Wright and Beethoven

Posts: 31
Joined: Thu May 16, 2013 4:10 pm

Wright and Beethoven

Post by HenryWhiting »

I posted this earlier on The Wright Attitude Facebook page, but it is perhaps even more relevant on Wright Chat:

On the occasion of Ludwig van Beethoven's 250th birthday, I would like to offer the following remembrance: In the fall of 1988, the group that would eventually be named the Frank Lloyd Wright Building Conservancy had its 4th annual conference at Fallingwater, to celebrate the opening of their brand new visitor's center, where we had dinner the final night. I found myself seated next to a tall white haired gentleman, who introduced himself as Ben Dombar (Taliesin Fellow, 1934 to 1941) from Cincinnati. We began talking about music and he told me of the time that Mr. Wright was holding forth before a small group of apprentices on the subject of music and art. Mr. Wright (in all his modesty) offered the observation that, as an artist, he considered himself the equal of Bach or Mozart, but Beethoven in his Late Quartets, that was another matter. To Wright those quartets were the very pinnacle of Western art, in any form. Food for thought...

SDR
Posts: 20203
Joined: Sat Jun 17, 2006 11:33 pm
Location: San Francisco

Re: Wright and Beethoven

Post by SDR »

Mr Whiting, it was a great pleasure to make your acquaintance recently (if unbeknownst to you) by way of your generous and delightful video tour of Teater's Knoll. If ever a Wright house could be said to have acquired its ideal owner, it is yours, and that owner is you. I greatly enjoyed getting to know the place properly for the first time . . .

Beethoven seems to be the composer most frequently mentioned in connection with Mr Wright; perhaps the name came most often to his lips ? (A radio announcer on the local classical station today asserted that the Third Symphony is "the greatest symphony ever written," according to a consensus of conductors.) As a Bach man myself, I naturally favor the anecdote Wright included in his autobiography when reminiscing about the design of Unity Temple:

" 'Boy! Go tell Black Kelly to make a blaze there in the work-room fireplace! Ask Brown Sadie if it's too late to have Baked Bermudas for supper! Then go ask your Mother---I shall hear her in here---to play something---Bach preferred, or Beethoven if she prefers.' "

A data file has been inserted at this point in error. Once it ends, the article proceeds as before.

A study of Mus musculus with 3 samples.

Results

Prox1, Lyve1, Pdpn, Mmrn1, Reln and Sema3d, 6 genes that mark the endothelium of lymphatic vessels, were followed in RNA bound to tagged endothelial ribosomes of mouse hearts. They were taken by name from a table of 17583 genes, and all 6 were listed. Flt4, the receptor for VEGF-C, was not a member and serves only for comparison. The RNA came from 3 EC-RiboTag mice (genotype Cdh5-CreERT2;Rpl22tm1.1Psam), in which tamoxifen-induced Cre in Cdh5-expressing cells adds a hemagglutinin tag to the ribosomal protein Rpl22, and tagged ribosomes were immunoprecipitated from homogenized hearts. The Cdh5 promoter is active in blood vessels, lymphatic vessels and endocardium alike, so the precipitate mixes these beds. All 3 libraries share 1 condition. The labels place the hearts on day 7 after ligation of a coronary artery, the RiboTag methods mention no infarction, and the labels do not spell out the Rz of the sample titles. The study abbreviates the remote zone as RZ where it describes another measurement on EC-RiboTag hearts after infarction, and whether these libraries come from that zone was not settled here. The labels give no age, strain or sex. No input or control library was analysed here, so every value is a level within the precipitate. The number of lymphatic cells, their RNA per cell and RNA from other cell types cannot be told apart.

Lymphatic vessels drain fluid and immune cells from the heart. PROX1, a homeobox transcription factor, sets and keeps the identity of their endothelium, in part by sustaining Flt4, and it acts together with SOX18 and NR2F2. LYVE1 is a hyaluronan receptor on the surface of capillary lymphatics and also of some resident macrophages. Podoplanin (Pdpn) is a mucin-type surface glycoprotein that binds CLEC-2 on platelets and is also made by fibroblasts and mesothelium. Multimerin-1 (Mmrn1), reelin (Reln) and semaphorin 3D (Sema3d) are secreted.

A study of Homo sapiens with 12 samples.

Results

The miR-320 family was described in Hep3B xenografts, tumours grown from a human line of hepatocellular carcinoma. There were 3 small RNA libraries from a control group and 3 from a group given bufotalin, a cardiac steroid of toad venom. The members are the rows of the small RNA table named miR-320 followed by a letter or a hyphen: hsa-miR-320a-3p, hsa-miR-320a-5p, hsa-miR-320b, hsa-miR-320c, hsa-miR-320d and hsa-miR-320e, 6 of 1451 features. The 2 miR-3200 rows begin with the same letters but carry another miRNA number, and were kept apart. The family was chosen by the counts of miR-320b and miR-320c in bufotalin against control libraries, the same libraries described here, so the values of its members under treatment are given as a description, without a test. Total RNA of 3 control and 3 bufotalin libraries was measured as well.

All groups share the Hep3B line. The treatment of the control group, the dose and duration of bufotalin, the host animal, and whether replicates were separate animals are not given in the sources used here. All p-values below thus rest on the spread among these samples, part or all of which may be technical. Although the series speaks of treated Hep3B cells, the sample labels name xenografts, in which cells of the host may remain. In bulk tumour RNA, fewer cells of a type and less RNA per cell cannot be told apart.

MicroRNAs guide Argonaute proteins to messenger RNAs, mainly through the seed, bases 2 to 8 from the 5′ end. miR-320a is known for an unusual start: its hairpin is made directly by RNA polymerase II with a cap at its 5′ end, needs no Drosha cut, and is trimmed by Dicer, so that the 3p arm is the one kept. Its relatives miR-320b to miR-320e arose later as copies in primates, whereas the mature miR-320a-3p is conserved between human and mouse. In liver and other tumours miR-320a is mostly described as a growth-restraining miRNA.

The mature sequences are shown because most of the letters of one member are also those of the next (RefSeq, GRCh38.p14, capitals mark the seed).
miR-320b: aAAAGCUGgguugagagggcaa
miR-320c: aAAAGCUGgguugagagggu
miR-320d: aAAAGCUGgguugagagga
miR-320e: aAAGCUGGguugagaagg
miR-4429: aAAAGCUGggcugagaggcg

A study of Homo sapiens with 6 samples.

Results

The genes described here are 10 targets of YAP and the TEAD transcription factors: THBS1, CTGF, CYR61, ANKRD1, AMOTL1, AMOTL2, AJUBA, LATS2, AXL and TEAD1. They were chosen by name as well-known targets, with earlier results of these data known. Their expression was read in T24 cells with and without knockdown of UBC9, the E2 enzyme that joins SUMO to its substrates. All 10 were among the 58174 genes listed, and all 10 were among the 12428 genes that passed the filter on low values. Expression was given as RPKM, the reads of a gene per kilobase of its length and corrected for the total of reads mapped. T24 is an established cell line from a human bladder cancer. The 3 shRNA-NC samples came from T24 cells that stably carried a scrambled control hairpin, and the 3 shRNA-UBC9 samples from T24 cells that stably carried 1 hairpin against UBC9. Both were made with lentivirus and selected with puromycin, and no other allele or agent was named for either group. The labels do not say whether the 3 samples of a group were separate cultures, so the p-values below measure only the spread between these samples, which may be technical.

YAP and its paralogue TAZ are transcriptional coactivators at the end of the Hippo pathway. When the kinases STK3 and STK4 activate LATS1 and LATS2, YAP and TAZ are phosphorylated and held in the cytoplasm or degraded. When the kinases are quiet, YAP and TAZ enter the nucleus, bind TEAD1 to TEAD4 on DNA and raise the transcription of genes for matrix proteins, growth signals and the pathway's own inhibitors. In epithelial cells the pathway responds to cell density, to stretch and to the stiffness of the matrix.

"Now comes to brood---to suffer doubt, hesitate yet burn with eagerness. To test bearings---and prove ground already assumed by putting all together in definite scale on paper. Preferably small scale study at first. Then larger. Finally still larger scale detail studies of parts."


(That last, it might be said, could be the most concrete explication in the entire book of his---and any architect's---working method. "Ground already assumed" might well refer to the image of a building he is said to have constructed mentally, before even "small scale studies" were committed to paper ?)

SDR

peterm
Posts: 6290
Joined: Thu Mar 13, 2008 10:27 am
Location: Chicago, Il.---Oskaloosa, Ia.

Re: Wright and Beethoven

Post by peterm »

I get the connection of Bach and Beethoven to Wright, but Mozart?

Bach is the module, the infinite variation within a grid.., Beethoven, the lyrical, the poetic, absolute freedom and the romantic, but always under control with the right amount of restraint, never kitschy.

Maybe I just don’t understand Mozart. I’ve tried since I had to play the A Major violin concerto as a high school student. Maybe that ruined him for me.

Roderick Grant
Posts: 10575
Joined: Wed Mar 29, 2006 7:48 am

Re: Wright and Beethoven

Post by Roderick Grant »

Decades ago, I sang with the Minneapolis Bach Society. We rehearsed vigorously on Bach's B Minor and Mozart's Requiem. My friend and Bach scholar, John Setterlund, said going from Mozart to Bach was like leaving a rustic cottage and entering a cathedral. A bit of an exaggeration, perhaps, but when the two are adjacent, not entirely false.

One expert on the subject posed the idea that Bach was thoroughly grounded, while Beethoven soared. An Der Freude would tend to support the latter description. There is a moment when the orchestra plays softly as the sopranos and altos sing equally softly, and suddenly all heaven breaks out, and it's "Freude, schoner Gotterfunken" fortissimo! all over the place. (Sorry, I cannot print umlauts.)It is hard to keep from floating whenever I sing or hear that bit of genius.